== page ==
Digging holes here and there in American history.



This post is a response to an assignment in my “History of Capitalism” course at Louisiana Tech University.  

I watched the 2016 film "The Founder," a portrayal of Ray Kroc of the McDonald's Corporation as part of a class assignment. Part of my assignment was to determine if the movie presents Kroc as a "villain." Is it even possible for Hollywood to make a film about a conservative Republican businessman and not make him look like a villain?  Probably not.  I read several reviews after watching the movie and several critics noted the film served as an indictment of President Trump-type capitalists.   

Kroc was definitely a capitalist. He took an idea--some would say stole--and made millions. The movie is compelling, especially since we all know McDonald's--"billions and billions served." The first 30 minutes is spent building a sympathetic picture of the McDonald brothers who started the first restaurant. This serves to contrast the greed and ruthlessness of Ray Kroc as the movie progresses. 

The movie portrays Kroc as a villain to some degree, although it does mention how he provided opportunities for financial success to many. There is no question that Kroc's operation has provided thousands of jobs and made millions for investors. But still, the movie tends to condemn his methods and motives. Emphasis is placed on how he "cheated" the McDonald brothers. At one point one of the McDonald brothers say, "We are not greedy men," implying that Kroc is. We are to assume that all capitalists are greedy. Kroc's actions are so ruthless that they supposedly stress one McDonald brother to the point he is hospitalized.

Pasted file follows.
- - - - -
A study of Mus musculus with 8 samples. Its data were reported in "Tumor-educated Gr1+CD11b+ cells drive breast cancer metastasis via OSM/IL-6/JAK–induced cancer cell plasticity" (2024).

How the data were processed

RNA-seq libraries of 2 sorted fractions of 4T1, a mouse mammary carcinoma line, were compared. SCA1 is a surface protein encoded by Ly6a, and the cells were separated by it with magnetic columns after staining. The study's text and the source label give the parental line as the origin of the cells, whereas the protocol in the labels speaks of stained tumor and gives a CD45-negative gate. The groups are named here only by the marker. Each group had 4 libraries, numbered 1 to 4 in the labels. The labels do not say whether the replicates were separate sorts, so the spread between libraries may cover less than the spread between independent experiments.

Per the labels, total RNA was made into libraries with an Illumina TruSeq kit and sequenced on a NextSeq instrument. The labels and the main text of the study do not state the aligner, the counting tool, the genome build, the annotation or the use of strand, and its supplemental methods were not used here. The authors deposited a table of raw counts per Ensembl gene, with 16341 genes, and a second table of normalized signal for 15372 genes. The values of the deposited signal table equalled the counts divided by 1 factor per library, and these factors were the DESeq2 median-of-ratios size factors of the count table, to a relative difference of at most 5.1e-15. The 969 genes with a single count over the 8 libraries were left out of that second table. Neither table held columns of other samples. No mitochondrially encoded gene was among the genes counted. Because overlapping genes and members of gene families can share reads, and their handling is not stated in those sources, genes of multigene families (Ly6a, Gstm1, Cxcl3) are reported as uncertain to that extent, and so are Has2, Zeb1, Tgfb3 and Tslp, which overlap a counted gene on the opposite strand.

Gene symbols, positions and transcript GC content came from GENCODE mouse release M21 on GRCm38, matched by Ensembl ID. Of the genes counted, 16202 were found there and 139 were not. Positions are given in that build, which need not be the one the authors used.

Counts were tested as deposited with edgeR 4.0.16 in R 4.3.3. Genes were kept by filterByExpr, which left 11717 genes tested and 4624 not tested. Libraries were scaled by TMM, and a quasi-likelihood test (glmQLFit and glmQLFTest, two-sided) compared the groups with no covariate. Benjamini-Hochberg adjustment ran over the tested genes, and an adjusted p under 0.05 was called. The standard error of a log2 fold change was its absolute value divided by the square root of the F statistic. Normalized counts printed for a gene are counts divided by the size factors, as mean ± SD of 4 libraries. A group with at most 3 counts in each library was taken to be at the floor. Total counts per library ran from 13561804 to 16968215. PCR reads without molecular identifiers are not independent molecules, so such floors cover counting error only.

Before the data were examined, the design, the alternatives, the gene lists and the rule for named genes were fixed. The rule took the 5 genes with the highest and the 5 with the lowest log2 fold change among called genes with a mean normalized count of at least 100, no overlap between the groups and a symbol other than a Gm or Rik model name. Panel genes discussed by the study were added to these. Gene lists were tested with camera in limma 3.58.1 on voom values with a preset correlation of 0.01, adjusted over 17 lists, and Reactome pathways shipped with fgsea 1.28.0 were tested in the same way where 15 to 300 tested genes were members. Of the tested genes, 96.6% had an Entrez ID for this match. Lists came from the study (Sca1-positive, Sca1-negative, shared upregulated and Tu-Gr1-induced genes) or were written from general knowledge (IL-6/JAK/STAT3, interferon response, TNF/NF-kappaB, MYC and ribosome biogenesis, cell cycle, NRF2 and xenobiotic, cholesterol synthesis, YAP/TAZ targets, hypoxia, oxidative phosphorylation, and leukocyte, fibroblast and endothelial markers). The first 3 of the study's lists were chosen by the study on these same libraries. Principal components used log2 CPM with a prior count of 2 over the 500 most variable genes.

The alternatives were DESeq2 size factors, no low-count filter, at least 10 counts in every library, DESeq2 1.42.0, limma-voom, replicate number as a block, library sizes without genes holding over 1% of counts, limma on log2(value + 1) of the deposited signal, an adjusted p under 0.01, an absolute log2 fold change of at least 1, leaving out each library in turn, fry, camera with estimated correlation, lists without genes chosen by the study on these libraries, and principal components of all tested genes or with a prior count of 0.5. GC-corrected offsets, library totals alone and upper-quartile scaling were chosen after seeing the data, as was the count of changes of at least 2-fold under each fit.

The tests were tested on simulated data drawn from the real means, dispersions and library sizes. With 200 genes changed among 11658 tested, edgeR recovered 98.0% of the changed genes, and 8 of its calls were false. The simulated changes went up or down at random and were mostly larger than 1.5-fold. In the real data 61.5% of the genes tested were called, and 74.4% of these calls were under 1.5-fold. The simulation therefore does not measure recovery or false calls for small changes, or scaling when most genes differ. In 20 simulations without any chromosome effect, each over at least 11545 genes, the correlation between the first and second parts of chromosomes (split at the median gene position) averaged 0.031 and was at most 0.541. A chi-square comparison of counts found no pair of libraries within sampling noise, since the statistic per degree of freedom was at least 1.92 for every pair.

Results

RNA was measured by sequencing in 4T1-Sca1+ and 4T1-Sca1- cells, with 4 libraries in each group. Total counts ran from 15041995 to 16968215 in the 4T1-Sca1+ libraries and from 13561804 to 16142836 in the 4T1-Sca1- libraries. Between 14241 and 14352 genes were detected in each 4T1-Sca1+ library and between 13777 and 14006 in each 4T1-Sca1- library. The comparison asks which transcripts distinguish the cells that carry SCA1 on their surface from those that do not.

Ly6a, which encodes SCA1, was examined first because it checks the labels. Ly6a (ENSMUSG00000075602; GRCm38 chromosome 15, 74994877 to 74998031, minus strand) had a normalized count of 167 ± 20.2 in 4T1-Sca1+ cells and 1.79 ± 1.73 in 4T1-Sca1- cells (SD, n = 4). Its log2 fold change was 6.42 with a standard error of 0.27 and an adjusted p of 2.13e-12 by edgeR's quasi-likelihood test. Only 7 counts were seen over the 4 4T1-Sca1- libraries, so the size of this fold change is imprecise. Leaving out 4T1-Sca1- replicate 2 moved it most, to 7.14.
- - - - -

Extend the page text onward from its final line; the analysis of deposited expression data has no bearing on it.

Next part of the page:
There are also attempts in the film to paint Kroc as a hypocrite. Through words and imagery, Kroc's patriotic and religious beliefs are mocked and his actions (divorce, lying, swindling, etc.) are portrayed in contradiction to his espoused beliefs. This is presented subtly but repeatedly. In one scene, Kroc tries to persuade the McDonald brothers to go national by equating the firm's "golden arches" with "flags and crosses," explaining that McDonald's restaurants should as common as churches. Or as Michael Keaton says in portraying Kroc, "McDonald's can be the new American church." 
I have read articles before that praised Kroc for his business talent and innovation that led to one of the most successful businesses in American history.  "The Founder" is honest with us by noting at the beginning of the movie that it is "Based on a true story." I think we have to take the film as what it is--an Hollywood interpretation with its own perspective and motives. I recommend the movie but also reading more about this fascinating entrepreneur.